A couple of weeks ago I went to Clove Club, that new place just off Kingsland Road that every reviewer is currently insisting on calling a “hipster” restaurant. It’s a turn of phrase I find profoundly strange; I have no idea why the (presumably) 40- and 50-something year old people who write food columns for national newspapers have suddenly cottoned on to the fact that the area around Shoreditch is full of young people, or why they’ve now picked Isaac McHale’s new restaurant as the place that epitomises a scene that actually moved elsewhere a couple of years ago.
The meal turned there out to be rather forgettable. Not completely bad, but for somewhere so obviously aiming for stars and reviewer acclaim, the food failed to excite or leave any lasting memory. Take the amuse bouche of Buttermilk Chicken & Pine Salt. It certainly looked pretty – a beautifully uniform and crispy shell hiding the meat, nestling in a basket full of locally-gathered pine needles – but I’m damned if I have any idea what the thing tasted of.
The food at Ride or Fry – a pop-up at Death by Burrito from US chicken demi-god Dante’s Fried Chicken – wasn’t pretty at all. In fact, it was grungy to the point I’d describe it as “ghetto” if that wasn’t a profoundly embarrassing word for a man who grew up in Bath to use. It was however, sublimely good, unpretentious, and truly memorable. Which – in the end – is far more important than getting the Independent’s food critic all hot under the collar about your use of a Korean chilli paste in your mayonnaise.
Unsurprisingly – it was at Death by Burrito after all – the Ride or Die experience was far, far less formal than minimal and staid surroundings of Clove Club just a few minutes round the corner. The music was loud and the cocktails were excellent and strong. Unlike our previous visits, staff seemed relaxed and almost friendly – managing to smile when we pointed out that our group of 6 wouldn’t fit on the tiny table they’d provided, and asking another group to move so we could actually enjoy our meal.
First dish to arrive was a Toasted Okra Breakfast Taco. It looked like a dog’s dinner, but tasted amazing. Which is saying something considering how much I usually hate okra. This time though, it wasn’t slimy at all. Just deliciously smoky, perfectly complimenting the soft blue corn taco shell and the spicy egg and veg medley that came with it.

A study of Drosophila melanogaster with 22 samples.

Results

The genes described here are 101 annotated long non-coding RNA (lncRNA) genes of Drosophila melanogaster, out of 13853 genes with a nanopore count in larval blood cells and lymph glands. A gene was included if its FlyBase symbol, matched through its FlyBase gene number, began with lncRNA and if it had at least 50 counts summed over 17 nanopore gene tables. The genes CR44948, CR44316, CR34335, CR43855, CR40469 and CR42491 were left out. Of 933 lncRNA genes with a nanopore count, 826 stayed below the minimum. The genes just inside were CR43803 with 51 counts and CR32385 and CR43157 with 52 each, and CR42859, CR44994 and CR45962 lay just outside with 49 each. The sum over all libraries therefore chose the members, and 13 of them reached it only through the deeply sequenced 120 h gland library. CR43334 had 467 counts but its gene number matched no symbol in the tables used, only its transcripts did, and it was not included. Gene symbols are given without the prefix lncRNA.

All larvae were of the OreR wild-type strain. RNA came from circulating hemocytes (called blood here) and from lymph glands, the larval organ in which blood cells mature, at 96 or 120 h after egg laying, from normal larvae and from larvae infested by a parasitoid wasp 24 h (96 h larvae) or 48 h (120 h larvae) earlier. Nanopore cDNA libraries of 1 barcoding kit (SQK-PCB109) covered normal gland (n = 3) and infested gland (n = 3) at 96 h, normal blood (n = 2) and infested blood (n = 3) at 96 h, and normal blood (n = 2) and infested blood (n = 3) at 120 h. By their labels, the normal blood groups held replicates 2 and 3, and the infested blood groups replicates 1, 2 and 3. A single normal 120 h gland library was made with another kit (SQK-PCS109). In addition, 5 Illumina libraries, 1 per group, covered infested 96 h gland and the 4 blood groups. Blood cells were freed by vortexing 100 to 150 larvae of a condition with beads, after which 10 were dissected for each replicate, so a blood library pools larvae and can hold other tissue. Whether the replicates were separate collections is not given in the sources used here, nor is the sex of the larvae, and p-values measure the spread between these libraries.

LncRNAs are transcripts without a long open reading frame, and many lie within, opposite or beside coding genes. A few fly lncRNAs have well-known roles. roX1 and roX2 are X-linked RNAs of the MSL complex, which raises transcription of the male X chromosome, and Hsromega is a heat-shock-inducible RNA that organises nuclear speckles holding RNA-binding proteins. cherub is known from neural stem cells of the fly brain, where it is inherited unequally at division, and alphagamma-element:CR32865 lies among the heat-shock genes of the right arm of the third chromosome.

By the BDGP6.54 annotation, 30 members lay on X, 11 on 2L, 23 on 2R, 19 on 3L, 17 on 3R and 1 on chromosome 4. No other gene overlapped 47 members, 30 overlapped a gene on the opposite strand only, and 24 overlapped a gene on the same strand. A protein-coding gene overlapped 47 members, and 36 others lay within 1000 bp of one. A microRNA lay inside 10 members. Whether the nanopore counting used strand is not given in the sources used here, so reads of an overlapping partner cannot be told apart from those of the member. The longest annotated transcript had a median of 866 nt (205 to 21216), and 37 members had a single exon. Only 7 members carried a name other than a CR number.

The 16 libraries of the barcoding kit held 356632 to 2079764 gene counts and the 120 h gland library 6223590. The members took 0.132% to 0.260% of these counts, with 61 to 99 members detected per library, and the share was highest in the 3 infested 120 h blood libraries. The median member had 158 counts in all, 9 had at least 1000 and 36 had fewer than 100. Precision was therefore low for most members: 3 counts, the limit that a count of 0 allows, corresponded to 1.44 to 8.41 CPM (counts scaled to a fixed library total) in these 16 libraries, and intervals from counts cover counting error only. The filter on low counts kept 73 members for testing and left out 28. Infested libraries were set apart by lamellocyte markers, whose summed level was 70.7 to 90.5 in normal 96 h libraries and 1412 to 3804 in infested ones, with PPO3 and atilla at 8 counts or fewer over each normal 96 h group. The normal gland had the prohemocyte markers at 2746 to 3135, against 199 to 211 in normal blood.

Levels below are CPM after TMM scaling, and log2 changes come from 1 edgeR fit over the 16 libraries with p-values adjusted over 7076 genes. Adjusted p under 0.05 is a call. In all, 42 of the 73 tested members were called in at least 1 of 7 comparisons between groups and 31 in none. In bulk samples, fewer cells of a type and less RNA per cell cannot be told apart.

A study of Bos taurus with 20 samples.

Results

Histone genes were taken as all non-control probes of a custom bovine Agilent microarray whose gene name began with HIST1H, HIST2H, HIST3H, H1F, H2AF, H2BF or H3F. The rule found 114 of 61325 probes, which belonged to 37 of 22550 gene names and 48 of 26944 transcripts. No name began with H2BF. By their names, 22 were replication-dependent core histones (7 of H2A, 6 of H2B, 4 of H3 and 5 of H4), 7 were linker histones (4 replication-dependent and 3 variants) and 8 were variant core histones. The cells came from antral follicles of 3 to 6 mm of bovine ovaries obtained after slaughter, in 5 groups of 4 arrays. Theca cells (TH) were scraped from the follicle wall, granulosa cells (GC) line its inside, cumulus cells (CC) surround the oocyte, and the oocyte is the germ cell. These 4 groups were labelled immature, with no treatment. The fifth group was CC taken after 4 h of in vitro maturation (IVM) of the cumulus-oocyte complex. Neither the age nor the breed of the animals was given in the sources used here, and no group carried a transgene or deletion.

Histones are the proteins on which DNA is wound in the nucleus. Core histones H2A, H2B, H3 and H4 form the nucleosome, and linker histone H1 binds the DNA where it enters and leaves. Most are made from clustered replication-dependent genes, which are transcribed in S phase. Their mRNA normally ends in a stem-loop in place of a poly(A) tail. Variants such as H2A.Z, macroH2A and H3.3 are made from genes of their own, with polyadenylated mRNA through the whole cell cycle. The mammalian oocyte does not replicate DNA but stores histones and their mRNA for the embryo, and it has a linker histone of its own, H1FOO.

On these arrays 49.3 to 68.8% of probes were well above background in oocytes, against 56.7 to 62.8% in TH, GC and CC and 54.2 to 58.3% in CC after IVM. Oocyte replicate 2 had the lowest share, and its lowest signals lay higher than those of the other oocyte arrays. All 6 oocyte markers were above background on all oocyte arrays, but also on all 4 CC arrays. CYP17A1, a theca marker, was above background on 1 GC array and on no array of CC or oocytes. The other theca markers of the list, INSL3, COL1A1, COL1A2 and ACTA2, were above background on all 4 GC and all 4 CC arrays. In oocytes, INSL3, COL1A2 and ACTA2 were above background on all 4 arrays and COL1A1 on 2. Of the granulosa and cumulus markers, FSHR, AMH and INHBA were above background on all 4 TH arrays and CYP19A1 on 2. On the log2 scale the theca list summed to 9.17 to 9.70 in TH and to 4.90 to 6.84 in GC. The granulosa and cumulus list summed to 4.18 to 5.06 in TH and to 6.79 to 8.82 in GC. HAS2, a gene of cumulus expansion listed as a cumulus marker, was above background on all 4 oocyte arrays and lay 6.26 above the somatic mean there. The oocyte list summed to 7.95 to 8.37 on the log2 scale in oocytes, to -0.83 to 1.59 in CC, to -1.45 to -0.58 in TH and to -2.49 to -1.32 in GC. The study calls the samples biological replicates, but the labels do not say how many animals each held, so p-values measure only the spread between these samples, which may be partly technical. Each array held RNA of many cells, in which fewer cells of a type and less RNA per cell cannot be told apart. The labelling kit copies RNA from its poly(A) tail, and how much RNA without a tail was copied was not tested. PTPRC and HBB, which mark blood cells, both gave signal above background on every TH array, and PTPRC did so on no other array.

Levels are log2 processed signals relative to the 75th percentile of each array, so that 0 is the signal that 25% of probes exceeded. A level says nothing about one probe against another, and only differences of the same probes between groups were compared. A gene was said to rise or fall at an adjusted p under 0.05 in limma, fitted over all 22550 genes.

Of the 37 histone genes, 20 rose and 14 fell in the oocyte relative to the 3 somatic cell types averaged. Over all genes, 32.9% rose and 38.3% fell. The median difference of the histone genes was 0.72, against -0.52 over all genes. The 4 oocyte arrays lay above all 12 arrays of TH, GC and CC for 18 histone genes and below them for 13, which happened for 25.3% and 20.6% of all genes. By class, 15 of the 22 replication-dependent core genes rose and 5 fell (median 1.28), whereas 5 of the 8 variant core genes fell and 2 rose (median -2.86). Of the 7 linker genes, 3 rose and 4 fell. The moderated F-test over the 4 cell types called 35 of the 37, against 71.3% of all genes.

The excellence of the taco only served to make us all even more excited about the fried chicken that was to come. We’d all heard the stories about what Dante could do with the humble bird and, based on how he transformed some disgusting ladies’ fingers into something magical, we were fast coming to the conclusion he might be a genius.
Then the chicken arrived, and our hopes were confirmed. It was everything that Clove Club wasn’t; ugly and unashamed and delicious. The chicken itself was meltingly tender, and the batter. Oh the batter. It was truly a thing of beauty; pockmarked and fried to a dark brown. It’s uneven surface was as crispy as crispy could be and subtly spiced. I’m still in awe several months later that some flour, egg and not much else could produce something so wonderful.
You might think I’m exaggerating, but I really am not. It was superb. Need more proof? Here’s a video of my brother’s reaction after he had his first bite.
The sides that came with the chicken were good as well, but how could they compete with the main star? The apricot “crack’ sauce, coconut biscuits and cranberry, almond and coconut slaw were OK but paled in comparison to the glorious fried goodness. The only thing that came close to the chicken was the smoked cheese and crispy leek polenta.
It was fantastic and reignited my love of the grain to the extent that I’ve now cooked it at home several times since. If that wasn’t endorsement of it enough, the very fact that I even remember it in the face of the chicken is testament to how lovely it was.
After that, there was bound to be a moment of disappointment, and it came in the form of the pudding: the white chocolate and black sesame sweet potato pie. Sweet was indeed the operative word here. It was tooth-achingly saccharine, highlighting perhaps the fundamental difference between palates divided by the Atlantic.
Even this disappointment was more inspiring than Clove Club though. At least Dante’s desert was memorable in its sweetness. I literally have no idea what the two deserts I had at Clove Club were and I’ve been looking at pictures of them for the last 10 minutes in the hope it might remind me.